Update: BBC report here, report from Western Gazette here.
Update 2 (29/7): SSDC has voted to suspend the plan for 6 months, pending further work
A little local difficulty: South Somerset District Council (SSDC) has been working for years on its Local Plan, covering development in the district up to 2028 in things like housing, jobs, environment etc.
The centrepiece of the Plan is a Sustainable Urban Extension (SUE) to the South of Yeovil, of 2500 homes including a secondary school, health centre (and possibly a site for a church), and land for employment and community use. This has been hotly contested by East Coker, a village to the S of Yeovil, whose expensive views/rural tranquility and quality of life (depending on how you look at it) are seen to be at stake.
The plan has recently been going through a public enquiry with a government planning inspector. This is the crucial hurdle - if he declares the plan 'sound', it has legal force and becomes the basis for local planning and development for the next 15 years. If he declares it 'unsound', then we fall into the untested hands of the NPPF (National Policy Planning Framework), with its presumption that planning permission will be granted on new developments, and is effectively a government sanctioned development free-for-all, with added spin-offs for the legal profession in deciding what the broad principles of the NPPF actually mean.
The inspector has just released his interim findings, and they are grim reading for SSDC. He has three major concerns - one is a technical issue about employment land in some of our larger villages, one about the growth of Ilminster (on both he judges the plan currently 'unsound'), and the biggie is about the SUE. Though he supports the principle of a 'sustainable' large estate (i.e. one which has most of its required facilities and employment land on site rather than off-site), there is a catalogue of weaknesses in the evidence for where it should go. SSDC had used a scoring system covering several key factors (travel, employment, access to services, health and wellbeing etc.) to compare alternative sites: the inspectors report argues that they have consistently over-egged the South Yeovil option, and that in reality there is much less to choose between alternative sites than SSDC have claimed.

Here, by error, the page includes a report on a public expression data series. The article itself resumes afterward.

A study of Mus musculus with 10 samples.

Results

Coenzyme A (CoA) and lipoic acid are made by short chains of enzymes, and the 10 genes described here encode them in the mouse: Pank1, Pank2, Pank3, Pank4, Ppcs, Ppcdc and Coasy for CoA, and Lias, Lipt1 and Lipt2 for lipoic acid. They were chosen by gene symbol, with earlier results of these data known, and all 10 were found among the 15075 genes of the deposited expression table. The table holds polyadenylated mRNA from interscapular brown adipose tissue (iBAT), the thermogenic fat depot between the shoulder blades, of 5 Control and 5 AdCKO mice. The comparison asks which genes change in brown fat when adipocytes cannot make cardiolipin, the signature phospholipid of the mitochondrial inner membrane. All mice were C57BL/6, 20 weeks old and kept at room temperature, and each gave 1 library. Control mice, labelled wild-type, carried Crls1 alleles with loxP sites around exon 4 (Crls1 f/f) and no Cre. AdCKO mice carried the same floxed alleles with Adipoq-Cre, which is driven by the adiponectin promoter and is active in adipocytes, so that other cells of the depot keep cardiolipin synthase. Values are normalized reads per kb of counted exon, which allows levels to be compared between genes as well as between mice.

There is so much remedial work to do on the Plan that the inspector also questions whether a 6 month 'time out' would actually give the council time to rewrite a 'sound' Plan, but if they don't revise it, it seems likely to be thrown out anyway. And then we are through the looking glass. To use a tennis metaphor, the first serve has gone out, and there's a serious danger of a double fault.
The council have responded in a remarkably upbeat way, noting that large swathes of the Plan are seen as ok (including projected housing totals, which have been a persistent bone of contention, and a repeated focus of lobbying).
I really do hope they can get this together: whilst I imagine the report has gone down well in East Coker - and vindicates their consistent and detailed lobbying - it's not good news for the rest of the District. At least with SSDC in control of the planning process, there are people who are accountable to the community and have something resembling its best interests at heart, even if they don't always deliver on that. Whilst we have some smaller local developers who want to work with the community, (the estate I live on was put together by a local developer and works really well), that's not a reputation shared with the likes of Persimmon and Barratts.